Nigeria: Climate Change Poses Risks to Nigeria – Agora Policy Report

An Abuja-based think tank, Agora Policy, has warned that unless urgent and bold actions are taken, Nigeria risks becoming one of the worst-affected countries by climate change.

The Agora Policy stated this in its report, titled: ‘Climate Change and Socio-Economic Development in Nigeria, which was released in Abuja and was produced with the support of the MacArthur Foundation.

According to the 84-page report, it identifies opportunities for Nigeria to address climate change, while supporting economic growth and resilience.

The report states: “It is evident that climate change is not a marginal or peripheral issue that the government and the people of Nigeria can take lightly.

“Climate change is compounding poverty challenges in Nigeria and impeding the attainment of Sustainable Development Goals,” adds the report. “Climate change is already increasing hunger, poverty, disease burden, migration, conflict and insecurity in Nigeria. It is damaging infrastructure, changing Nigeria’s coastlines, fuelling desertification, producing water scarcity, facilitating erosion and resulting in the loss of revenue for states and the national government.”

The report also states that as of 2020, Nigeria loses at least $100 billion annually to the effects of climate change and the country may lose trillions of dollars in manufacturing, construction and oil and gas assets likely to become stranded as the world gravitates to a green economy.

“Nigeria risks becoming a stranded country. Climate change has the potential to further jeopardise Nigeria’s economic development and alter its geographical, social and political trajectory for decades”, the report noted.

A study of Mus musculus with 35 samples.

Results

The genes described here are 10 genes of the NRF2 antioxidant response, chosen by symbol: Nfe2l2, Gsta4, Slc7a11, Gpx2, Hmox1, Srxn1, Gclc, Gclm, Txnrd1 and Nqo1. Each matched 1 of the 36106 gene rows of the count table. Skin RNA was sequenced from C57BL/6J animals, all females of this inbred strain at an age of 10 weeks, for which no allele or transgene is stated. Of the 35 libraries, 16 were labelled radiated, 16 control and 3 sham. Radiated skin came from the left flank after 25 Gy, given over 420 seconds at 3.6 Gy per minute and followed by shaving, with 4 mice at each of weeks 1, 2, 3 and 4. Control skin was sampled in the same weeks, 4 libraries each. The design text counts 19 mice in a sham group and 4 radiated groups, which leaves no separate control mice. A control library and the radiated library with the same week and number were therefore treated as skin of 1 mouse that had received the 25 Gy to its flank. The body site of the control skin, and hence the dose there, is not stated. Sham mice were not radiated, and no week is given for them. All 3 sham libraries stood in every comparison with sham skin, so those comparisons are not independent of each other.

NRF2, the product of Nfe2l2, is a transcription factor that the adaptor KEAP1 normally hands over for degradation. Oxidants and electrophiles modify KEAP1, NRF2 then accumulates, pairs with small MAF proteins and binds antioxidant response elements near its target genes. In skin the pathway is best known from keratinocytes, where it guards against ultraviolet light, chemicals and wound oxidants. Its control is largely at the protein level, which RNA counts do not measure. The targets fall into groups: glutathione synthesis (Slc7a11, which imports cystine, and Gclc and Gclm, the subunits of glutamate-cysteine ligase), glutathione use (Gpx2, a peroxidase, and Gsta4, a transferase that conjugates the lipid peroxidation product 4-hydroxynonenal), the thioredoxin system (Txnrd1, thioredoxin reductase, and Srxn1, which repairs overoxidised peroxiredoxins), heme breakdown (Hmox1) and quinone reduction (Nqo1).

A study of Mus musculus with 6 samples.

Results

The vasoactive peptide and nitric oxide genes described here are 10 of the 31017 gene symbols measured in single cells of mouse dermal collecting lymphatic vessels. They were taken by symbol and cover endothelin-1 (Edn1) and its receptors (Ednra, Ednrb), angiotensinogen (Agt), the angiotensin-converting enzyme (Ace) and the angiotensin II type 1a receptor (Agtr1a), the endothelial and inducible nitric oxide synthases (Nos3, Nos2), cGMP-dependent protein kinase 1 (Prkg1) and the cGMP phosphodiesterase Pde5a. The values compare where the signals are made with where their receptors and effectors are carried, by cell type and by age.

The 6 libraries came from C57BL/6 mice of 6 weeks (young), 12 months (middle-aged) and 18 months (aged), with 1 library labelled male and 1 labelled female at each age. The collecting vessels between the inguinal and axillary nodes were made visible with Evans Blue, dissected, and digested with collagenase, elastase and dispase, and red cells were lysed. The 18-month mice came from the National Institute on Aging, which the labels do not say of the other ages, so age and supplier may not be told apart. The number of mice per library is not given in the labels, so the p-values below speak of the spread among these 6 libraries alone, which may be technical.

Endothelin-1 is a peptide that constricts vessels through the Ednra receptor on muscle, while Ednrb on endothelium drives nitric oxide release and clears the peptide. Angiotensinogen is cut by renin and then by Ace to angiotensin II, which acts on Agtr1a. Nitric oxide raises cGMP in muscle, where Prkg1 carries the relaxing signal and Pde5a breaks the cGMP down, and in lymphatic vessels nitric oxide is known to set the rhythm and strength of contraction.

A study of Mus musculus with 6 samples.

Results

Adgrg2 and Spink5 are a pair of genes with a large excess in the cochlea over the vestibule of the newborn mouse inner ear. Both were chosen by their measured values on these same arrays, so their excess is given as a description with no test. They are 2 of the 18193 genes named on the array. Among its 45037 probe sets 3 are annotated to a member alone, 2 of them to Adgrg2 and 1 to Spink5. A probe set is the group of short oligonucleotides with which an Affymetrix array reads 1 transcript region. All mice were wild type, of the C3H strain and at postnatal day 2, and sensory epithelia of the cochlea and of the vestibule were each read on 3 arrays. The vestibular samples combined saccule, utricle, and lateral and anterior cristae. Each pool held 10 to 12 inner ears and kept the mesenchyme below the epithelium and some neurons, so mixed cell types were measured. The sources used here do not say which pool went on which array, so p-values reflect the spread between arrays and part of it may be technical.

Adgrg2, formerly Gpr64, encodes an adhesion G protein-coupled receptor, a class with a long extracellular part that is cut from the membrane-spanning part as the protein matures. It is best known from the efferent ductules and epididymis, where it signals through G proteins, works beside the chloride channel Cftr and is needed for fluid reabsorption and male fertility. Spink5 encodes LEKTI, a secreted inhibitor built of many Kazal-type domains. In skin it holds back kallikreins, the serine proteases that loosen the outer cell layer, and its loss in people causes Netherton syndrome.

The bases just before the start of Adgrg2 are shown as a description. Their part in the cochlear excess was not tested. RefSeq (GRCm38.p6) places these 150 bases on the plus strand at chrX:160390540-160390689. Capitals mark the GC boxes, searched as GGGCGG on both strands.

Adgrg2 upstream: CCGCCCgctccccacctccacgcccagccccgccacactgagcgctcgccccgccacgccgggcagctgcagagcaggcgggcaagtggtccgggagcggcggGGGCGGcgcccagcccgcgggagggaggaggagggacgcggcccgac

The report also stated that “Climate change offers opportunities for economic competitiveness, energy security, and sustainable development.”

“There are many climate-led opportunities that Nigeria can explore to enable rapid economic growth, create jobs for a rapidly growing youthful and urbanising population, and address high levels of abject poverty and inequality through a just transition.”

Urging the Federal Government to consciously pursue a climate-compatible development agenda, the report called for investing in renewable energy and energy efficiency, promoting climate-smart agriculture, embracing green manufacturing, harnessing natural resources for adaptation, and enhancing disaster risk reduction systems.

“Leveraging climate action to pursue economic development in Nigeria is not only a viable but an essential strategy.

“The global transition from a high-carbon economy to a low-carbon economy is already well underway and will produce winners and losers across the world. Whether Nigeria will swim or sink in the face of the transition will depend on its willingness to take urgent action now and re-align its national development strategies towards a low-carbon economic future. To transform climate change from a significant threat into an opportunity requires deliberate planning supported by immediate, bold and courageous action,” the report stated.